A Grassroots Program Grows

Sep. 15, 2016

a man's hand drops a bag of prescription drugs into a collection bin

Count It! Lock it! Drop it! reduced prescription drug misuse in Coffee County and is going statewide

The greatest danger of prescription drugs is the widespread belief they aren’t dangerous.

“In a 2009 survey of students in Coffee County, we saw that there was a very high rate of prescription drug use, with many kids sharing pills,” says Kristina Clark, consultant and former executive director of the Coffee County Anti-Drug Coalition.

“They were getting legally prescribed drugs from friends or from their grandparents’ and parents’ medicine cabinets. Access was easy, and since these were legal medications, the perception was that they could not be harmful.”

Surprisingly, most kids who helped themselves to pills were attempting to self-medicate — reducing pain from a sports injury or trying to overcome anxiety or depression.

They didn’t want to get high; they wanted to feel better.

They felt they were taking medicine, not drugs.

As the coalition tried to spread the word about the rising rates of prescription drug abuse, they discovered that a lot of adults felt the same way.

The coalition wanted to educate people that, when used incorrectly, a prescription drug can be just as deadly as a “street drug.” They also knew it would take more than a poster campaign.

Instead, they developed a program that offered the entire community a way to take action — Count It! Lock It! Drop It!

It pulled together local physicians, pharmacists, dentists, nurses and even veterinarians to brainstorm about the most effective methods to get the word out.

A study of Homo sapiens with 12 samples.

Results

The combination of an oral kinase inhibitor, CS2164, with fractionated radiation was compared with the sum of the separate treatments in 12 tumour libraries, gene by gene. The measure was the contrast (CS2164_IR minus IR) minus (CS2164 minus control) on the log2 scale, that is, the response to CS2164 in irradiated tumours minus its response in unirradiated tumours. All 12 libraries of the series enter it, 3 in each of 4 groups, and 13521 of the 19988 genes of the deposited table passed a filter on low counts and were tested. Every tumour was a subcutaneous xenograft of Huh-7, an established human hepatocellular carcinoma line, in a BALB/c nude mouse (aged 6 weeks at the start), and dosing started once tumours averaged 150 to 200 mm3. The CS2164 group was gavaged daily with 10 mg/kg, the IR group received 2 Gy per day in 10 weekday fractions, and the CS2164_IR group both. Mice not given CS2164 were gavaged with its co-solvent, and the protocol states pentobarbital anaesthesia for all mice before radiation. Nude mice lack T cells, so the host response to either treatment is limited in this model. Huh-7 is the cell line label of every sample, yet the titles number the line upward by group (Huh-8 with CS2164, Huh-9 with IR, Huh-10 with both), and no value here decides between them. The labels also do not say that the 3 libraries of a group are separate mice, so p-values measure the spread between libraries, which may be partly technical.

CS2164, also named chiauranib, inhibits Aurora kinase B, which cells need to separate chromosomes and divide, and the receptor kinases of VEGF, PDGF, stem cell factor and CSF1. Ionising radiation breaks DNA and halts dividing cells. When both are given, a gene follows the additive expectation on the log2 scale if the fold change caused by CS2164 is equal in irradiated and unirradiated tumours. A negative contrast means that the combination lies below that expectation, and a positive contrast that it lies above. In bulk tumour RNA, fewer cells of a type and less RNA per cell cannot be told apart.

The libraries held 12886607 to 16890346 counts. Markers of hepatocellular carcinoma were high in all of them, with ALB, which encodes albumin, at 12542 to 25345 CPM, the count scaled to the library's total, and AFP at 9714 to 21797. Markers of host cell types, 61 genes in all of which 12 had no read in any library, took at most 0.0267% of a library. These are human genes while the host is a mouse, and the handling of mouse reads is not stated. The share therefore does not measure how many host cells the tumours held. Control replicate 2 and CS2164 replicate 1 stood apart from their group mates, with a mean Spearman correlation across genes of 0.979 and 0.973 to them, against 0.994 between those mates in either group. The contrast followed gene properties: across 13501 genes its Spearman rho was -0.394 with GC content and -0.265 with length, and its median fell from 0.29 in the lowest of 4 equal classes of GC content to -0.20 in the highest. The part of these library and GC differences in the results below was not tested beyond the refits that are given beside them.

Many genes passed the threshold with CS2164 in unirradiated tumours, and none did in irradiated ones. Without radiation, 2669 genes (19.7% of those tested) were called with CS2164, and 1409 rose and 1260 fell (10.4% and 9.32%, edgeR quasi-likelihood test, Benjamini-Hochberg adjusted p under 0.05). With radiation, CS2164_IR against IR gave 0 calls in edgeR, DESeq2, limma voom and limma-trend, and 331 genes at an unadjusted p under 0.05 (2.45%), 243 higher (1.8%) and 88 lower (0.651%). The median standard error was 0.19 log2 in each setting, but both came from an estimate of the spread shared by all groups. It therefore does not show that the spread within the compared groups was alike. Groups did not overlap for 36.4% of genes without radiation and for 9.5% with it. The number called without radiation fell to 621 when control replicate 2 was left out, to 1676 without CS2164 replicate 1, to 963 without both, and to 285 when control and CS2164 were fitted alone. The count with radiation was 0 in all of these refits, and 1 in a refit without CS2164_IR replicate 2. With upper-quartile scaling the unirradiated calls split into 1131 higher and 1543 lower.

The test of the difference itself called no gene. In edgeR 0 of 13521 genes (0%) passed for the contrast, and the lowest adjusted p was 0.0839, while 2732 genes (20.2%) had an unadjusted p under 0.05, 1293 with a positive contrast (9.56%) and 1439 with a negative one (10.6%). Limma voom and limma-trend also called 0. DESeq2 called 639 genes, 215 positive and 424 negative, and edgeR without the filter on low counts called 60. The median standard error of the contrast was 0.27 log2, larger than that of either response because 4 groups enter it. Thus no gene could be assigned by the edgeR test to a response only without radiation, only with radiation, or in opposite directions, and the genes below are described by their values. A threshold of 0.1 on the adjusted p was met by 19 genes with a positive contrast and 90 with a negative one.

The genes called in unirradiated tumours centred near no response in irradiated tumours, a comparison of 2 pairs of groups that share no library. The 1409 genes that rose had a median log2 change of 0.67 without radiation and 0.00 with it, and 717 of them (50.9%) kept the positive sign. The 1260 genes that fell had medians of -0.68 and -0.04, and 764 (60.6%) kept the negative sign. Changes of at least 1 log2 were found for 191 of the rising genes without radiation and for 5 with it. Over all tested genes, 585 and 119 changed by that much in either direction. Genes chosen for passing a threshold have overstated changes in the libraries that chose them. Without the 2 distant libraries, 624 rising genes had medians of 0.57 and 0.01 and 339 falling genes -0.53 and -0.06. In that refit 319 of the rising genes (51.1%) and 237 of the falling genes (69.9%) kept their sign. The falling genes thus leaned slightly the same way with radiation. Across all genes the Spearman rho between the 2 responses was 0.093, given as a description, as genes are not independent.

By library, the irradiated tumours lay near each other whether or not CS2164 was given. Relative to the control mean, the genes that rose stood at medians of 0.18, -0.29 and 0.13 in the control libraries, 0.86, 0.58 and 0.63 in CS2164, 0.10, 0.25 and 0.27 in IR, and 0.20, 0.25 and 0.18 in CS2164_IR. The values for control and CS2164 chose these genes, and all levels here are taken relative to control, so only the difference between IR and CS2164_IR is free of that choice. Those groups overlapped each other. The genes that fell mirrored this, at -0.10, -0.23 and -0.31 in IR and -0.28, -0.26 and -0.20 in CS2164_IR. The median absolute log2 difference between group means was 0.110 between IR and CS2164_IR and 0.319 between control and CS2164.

“They helped us create a plan that was simple to understand and easy to do,” says Clark.

Count It! Lock It! Drop It! launched in 2012 and has three easy but effective steps:

  • Count It.
    Every two weeks, count the number of pills left in a pill container to spot any shortfalls.
  • Lock It.
    The coalition distributed lock boxes to reinforce the idea of prescription pills as personal property that others should not touch.
  • Drop It.
    Drop-off locations were set up for people to dispose of leftover medications.

Patients who get a prescription for an abusable drug are educated in their doctor’s office about proper usage and told about Count It! Lock It! Drop It!

That message is repeated by the pharmacist when they pick up their medications.

Count It! Lock It! Drop It! co-founders Kristina Clark and Christina Merino

Success and expansion

The results have been remarkable.

In the first survey completed after the program launched, the coalition found:

  • 50% fewer students sharing prescribed medications
  • 25% lower usage in the past 30 days
  • 18% more respondents indicated it was hard to get prescription drugs
  • 24% of respondents locked up their pills, up from zero
  • 21% tracked their pills, up from zero
  • 100 pounds of pills were collected per month, up from 25 pounds

With new funding from the BlueCross Health Foundation, Count It! Lock It! Drop It! is expanding to all 95 counties in Tennessee, with a special focus on areas of greatest prescription drug abuse.

The Coffee County Anti-Drug Coalition is working hand in hand with other county coalitions to train staff in pharmacies, medical offices, schools and law enforcement to launch their own Count It! Lock It! Drop It! programs.

“We are excited that this will be done as a grassroots effort in each community,” says Clark.

“We know it will do great things for Tennessee.”